Sinkers. What can I say about them? It may surprise you that there are numerous ways to annoy me with poorly made sinkers or weights if you must be fancy =). Slip sinkers with tiny line holes, or worse ones with sharp edges, will make you pull your hair out if you lose a big fish. Drop Shot weights that don’t have an easy line attachment, or have one that doesn’t spin easily, is another mess.
Let’s talk about Nako sinkers. They suffer NONE of the issues listed above. What they add is the actual weight printed on the sinkers themselves. I’m sure many refer to the weights, which helps decide which to use. I’m a little more organic about it. I’ll go to the next size up if one doesn't seem heavy enough. I don’t have any set rule, like, “I will use a 3/8-ounce weight with this Texas Rig because I’m fishing in 12’ of water.” I’m just not that precise about it. However, having that size referenced on the weight itself is super helpful when it comes time to order more sinkers. I feel like this has become a must-have for me and will dictate where I buy my sinkers in the future.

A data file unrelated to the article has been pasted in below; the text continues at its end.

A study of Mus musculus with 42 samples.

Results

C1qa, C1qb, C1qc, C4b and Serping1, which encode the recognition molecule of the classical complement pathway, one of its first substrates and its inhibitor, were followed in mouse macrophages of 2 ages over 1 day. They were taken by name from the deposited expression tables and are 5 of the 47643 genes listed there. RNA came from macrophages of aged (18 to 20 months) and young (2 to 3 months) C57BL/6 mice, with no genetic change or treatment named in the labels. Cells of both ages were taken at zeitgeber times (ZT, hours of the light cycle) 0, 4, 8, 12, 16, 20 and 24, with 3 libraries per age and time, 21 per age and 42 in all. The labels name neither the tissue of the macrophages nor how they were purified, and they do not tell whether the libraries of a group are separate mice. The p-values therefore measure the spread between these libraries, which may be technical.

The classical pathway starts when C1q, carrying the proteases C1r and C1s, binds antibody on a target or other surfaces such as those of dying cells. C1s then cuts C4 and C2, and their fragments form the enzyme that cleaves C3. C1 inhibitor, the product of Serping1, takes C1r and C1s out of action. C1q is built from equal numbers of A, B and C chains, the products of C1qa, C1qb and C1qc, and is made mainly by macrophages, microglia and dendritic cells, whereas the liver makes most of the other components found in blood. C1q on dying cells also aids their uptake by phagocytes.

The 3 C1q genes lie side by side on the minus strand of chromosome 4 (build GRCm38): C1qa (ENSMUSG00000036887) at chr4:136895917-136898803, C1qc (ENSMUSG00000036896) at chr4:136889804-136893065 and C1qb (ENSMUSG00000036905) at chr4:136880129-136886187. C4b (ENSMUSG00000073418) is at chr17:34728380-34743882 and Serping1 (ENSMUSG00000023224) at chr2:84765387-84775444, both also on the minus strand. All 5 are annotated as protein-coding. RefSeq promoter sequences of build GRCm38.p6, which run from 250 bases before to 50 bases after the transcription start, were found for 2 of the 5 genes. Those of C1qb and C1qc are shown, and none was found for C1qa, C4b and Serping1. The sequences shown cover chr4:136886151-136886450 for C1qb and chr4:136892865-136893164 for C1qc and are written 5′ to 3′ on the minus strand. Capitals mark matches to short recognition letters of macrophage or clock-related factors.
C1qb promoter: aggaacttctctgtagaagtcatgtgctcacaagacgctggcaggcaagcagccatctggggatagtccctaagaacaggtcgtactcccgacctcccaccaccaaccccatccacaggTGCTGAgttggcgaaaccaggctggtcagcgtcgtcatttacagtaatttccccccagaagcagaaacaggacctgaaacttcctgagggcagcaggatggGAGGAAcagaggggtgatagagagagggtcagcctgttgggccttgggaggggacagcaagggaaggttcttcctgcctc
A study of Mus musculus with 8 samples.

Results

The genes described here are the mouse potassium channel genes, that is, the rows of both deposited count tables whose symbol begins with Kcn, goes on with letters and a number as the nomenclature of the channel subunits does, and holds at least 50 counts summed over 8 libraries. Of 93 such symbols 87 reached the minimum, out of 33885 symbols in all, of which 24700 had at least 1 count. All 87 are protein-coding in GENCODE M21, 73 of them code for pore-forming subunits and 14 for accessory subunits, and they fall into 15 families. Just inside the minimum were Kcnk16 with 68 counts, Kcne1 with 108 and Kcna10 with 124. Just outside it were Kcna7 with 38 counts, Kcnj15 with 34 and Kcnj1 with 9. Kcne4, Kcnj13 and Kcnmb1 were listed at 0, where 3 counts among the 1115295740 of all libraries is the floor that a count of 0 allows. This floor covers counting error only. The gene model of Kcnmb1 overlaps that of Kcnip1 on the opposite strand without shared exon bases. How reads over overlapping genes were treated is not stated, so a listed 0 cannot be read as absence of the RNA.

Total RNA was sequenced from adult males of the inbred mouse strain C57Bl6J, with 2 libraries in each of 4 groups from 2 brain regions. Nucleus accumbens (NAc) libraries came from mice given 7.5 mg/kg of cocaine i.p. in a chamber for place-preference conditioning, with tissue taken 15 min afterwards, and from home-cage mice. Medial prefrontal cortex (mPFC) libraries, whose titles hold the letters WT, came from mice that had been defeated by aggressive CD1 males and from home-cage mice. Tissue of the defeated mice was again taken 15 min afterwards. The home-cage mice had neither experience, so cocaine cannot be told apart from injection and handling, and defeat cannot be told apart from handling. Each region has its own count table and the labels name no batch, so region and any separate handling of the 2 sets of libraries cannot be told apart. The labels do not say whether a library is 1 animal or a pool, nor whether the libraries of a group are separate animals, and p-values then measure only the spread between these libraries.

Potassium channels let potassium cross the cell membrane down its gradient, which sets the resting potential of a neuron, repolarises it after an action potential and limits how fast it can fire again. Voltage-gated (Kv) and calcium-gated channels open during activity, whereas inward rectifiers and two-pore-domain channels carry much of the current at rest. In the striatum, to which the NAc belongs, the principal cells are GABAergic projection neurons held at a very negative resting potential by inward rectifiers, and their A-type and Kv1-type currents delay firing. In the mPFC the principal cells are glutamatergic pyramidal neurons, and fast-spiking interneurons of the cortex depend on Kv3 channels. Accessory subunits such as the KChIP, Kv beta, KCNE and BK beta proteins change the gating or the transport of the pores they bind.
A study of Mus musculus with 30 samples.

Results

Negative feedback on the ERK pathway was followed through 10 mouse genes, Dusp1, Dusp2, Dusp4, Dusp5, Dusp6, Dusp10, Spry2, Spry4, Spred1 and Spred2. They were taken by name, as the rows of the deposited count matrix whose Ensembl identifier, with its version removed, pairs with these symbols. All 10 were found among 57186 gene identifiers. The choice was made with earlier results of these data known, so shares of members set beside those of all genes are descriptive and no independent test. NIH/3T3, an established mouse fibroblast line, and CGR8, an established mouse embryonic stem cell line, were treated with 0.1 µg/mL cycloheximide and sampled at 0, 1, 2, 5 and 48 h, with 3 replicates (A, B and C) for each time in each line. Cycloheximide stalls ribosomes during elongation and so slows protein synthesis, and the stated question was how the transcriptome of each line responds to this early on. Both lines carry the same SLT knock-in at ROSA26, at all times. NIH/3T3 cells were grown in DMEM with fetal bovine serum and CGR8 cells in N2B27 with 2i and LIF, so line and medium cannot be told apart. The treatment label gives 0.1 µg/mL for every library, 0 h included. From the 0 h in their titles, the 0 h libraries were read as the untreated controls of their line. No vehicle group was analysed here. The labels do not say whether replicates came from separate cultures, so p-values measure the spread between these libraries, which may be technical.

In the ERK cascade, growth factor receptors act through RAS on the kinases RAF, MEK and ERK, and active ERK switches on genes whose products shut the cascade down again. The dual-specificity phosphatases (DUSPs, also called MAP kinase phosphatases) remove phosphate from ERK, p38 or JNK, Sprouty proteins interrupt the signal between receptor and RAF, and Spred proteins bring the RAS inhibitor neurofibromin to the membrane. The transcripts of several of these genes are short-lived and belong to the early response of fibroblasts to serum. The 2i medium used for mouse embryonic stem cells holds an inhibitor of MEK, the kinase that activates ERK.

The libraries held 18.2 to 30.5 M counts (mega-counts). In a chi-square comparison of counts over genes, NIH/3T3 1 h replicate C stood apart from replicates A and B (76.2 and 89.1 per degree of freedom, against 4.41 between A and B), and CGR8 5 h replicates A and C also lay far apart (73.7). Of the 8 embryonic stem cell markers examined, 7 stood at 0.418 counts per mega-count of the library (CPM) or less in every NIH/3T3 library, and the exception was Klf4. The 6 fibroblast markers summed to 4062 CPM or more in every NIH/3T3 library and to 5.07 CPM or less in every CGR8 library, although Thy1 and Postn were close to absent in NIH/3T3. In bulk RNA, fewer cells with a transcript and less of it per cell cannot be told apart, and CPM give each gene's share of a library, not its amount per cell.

Another thing that never mattered to me until it did was the accuracy of the weights. Nako sinkers are dead-balls-on true. This alone isn’t going to put more fish in the boat, but I have to think if perfection like this is an important target, then quality must be in other aspects of the product. This is apparent in the simple yet effective packages. The little zip-top bags fit nicely in a standard utility box. There’s no awkward clamshell that many other companies package their weights in.
In summary, it’s tough to knock a sinker, but if you look closer, quite a few things can go wrong. Nako gets it 100% right.